Jeff and Pat Richardson in their home on Saturday, Feb. 1, 2014, in High Point, NC. (LYNN HEY/ News & Record)

HIGH POINT -- Jeff Richardson will get to see his little girl compete in the Olympic Games after all.

High Point native Heather Richardson, a 24-year-old medal-favorite speedskater, will compete in four events at the Sochi Games, beginning with the 500 meters Tuesday.

And her dad will watch from a seat in the Adler Arena Skating Center, thanks to the response of Triad business leaders to a front-page story about the Richardson family in last Sunday’s Greensboro News & Record.

Heather’s mother, Pat Richardson, planned to make the trip with her sister and three family friends. But even after taking out a second mortgage on their Elmhurst Avenue home, there wasn’t enough money for Jeff Richardson to make the trip, too.

Ed Price, who owns a real estate business in High Point, explained what happened next.

“ I got a phone call from my good friend, Alan Duncan,” Price said. “He had read all about it in (the News & Record). He called me Sunday night and said, ‘We can’t let that happen.’ It got me motivated. We talked more Monday morning, and the whole thing came together in less than an hour.”

Price said he and three others led the quick fundraising effort: Duncan, an attorney and chairman of the Guilford County Board of Education; David Horney, chairman of the board for High Point Bank and retired president of Mirro Products; and Nido Qubein, president of High Point University.

“ What we’ve done is very small compared to the way this family has supported their daughter for such a long time,” Qubein said. “She represents the best in American sportsmanship. All of us in High Point are proud. We were glad to respond, privileged to support this family.”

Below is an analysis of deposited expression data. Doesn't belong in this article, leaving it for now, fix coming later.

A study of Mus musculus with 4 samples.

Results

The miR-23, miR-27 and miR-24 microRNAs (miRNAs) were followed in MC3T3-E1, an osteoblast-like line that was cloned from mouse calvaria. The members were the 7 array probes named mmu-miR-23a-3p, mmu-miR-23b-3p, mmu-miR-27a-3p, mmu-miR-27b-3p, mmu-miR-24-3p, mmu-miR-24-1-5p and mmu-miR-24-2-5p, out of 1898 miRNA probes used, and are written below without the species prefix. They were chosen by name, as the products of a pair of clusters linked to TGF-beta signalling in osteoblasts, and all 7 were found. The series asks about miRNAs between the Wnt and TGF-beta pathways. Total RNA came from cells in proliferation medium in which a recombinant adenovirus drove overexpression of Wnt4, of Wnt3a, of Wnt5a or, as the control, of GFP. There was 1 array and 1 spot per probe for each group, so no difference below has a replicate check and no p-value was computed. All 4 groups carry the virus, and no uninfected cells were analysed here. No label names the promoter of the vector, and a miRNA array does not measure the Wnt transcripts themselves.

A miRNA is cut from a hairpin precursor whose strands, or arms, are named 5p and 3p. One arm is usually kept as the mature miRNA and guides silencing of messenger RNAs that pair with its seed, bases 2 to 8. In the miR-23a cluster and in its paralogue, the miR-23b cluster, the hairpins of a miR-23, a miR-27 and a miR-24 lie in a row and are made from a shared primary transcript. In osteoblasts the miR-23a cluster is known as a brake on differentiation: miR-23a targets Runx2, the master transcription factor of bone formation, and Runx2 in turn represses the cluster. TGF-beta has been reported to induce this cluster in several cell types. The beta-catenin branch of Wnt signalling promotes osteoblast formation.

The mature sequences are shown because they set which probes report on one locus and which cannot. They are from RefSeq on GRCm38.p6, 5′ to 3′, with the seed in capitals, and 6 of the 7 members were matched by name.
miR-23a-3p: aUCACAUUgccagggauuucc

Jeff Richardson, who works two jobs, learned about the effort when he arrived Monday morning at Ilderton Dodge Conversion to start his day shift.

“ His boss-man called him into the office, and there were a couple other gentlemen in there, too,” Pat Richardson said. “Well, they had seen the Sunday paper, and they asked him straight out: ‘How much would it cost to get you to the Olympics?’ Jeff told them it would be at least $6,000. They said, ‘You’ll have your money this afternoon.’ Jeff called me and said, ‘Oh my God, Ed Price and them just came up with the money to send me to Russia.’”

The businessmen gave Pat Richardson a credit card number and told her to “take care of it,” she said.

“ I immediately got on the phone with the (travel) visa people,” she said. “That’s a process that usually takes about 30 days, and we had just two days to get Jeff a visa. I overnighted them his passport. There were some little problems because it’s an old passport and his last name is misspelled because of a typo. I talked to the people, and they warned me there could be some problems. But the man said it was worth the risk and to go for it.”

The visa arrived in a FedEx package Thursday morning. Daune Galbraith, a family friend from Greensboro who is also making the trip, handled the travel arrangements.

“ Daune got Jeff on the same flights as us going out,” Pat Richardson said. “He’ll have one different flight coming back, but it’s on the same day and we’ll meet up with him in Moscow.”

The group — the Richardsons, Galbraith, Tina Kiger, Tammie Powers and Jan Koontz — left Raleigh for New York on Saturday afternoon. They fly from New York to Moscow to Sochi, and they’re scheduled to arrive at the Olympics today.

“ It’s still a surprise,” Pat Richardson said Friday night, even though word has leaked out in other media this week. “I’m sure Heather doesn’t know her dad is coming. She would’ve said something to me, and she hasn’t. She’s been so busy, and she really doesn’t like to look at (media) stuff about her when it gets close to competitions. It makes her nervous, so she tunes it out.”